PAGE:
Poland commemorates the National Children’s Rights Day annually on the 20th of November, a celebration established at the initiative of the Children’s Rights Commissioner, Marek Michalak, through a resolution passed by the Sejm (the lower house of the Polish parliament) on November 7, 2014. This day serves as a tribute to the 25th anniversary of the adoption of the United Nations Convention on the Rights of the Child by the General Assembly of the United Nations.
Poland’s Enduring Legacy: Celebrating 25 Years of Children’s Rights Convention
The resolution, proposed by Marek Michalak, underscored the significance of November 20, 2014, marking the 25th anniversary of the UN General Assembly’s adoption of the Convention on the Rights of the Child. This event holds paramount importance for Poland, recognized as the initiator and forerunner in the formulation of this globally consequential document safeguarding children’s rights. The fact that Poland presented the draft of the Convention in 1978 and proposed its adoption by the UN Human Rights Commission remains a source of national pride. Undoubtedly, it stands as one of Poland’s most significant successes on the international stage.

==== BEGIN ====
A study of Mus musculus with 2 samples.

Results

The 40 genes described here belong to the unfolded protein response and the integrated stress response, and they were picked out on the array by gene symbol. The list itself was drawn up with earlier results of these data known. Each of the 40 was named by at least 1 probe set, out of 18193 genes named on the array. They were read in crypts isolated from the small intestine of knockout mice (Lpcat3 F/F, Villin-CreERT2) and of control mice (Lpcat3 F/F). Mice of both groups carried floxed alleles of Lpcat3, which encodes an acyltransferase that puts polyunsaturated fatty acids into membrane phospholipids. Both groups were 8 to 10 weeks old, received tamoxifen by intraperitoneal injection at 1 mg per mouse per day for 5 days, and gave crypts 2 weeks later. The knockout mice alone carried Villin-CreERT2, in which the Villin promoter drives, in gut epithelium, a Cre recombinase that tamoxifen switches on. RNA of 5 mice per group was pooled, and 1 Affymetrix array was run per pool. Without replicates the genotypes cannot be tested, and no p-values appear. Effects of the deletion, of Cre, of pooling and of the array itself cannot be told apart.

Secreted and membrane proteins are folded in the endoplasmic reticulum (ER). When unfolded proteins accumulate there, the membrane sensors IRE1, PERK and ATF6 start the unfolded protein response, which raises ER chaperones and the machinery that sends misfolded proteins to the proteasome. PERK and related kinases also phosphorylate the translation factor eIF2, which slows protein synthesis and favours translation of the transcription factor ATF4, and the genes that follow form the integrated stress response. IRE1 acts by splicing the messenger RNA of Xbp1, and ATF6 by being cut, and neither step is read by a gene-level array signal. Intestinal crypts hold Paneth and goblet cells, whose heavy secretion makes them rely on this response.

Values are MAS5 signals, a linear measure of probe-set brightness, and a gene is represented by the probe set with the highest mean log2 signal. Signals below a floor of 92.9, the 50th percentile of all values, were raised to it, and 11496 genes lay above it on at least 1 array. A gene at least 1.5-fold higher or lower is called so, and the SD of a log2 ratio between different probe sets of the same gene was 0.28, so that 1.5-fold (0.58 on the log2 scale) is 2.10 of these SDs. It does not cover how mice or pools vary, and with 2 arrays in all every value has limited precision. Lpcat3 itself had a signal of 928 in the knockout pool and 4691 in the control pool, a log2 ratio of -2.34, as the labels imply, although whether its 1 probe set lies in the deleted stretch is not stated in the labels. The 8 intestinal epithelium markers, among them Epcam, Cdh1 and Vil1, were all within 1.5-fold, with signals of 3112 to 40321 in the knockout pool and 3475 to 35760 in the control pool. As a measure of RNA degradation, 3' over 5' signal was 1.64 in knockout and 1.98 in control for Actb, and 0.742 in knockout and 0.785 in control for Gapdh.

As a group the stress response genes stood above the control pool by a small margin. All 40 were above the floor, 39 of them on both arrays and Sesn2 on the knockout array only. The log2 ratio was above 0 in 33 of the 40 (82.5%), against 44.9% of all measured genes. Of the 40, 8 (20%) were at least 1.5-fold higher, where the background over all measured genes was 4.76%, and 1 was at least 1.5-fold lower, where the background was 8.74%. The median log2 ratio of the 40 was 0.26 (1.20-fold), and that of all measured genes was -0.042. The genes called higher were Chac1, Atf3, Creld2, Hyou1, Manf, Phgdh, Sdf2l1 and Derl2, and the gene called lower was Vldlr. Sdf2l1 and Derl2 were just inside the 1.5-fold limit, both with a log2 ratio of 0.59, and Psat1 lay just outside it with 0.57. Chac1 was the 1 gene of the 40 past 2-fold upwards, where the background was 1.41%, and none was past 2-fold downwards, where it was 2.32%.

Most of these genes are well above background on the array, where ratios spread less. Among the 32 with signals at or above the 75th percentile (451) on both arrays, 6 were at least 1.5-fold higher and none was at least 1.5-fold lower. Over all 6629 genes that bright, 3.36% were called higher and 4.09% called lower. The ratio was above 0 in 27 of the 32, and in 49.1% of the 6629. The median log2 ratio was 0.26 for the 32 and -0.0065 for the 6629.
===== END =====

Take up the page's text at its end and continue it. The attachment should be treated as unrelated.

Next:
Empowering Generations: Advocating Children’s Rights for a Fairer Tomorrow
The celebrations on this day aim to inspire actions toward promoting children’s rights among both the youngest citizens and adults. There is a particular emphasis on educating children and adolescents about their rights and informing them about the avenues available should these rights be violated. Additionally, the pivotal role of adults is highlighted—they are entrusted with safeguarding these rights, respecting them, and taking measures to ensure their protection.
The observance of National Children’s Rights Day aligns with the global effort to uphold and protect the fundamental rights of every child. As Poland reflects on its legacy of championing children’s rights, it also sets a precedent for continued advocacy and action toward a more just and equitable world for the youngest members of society.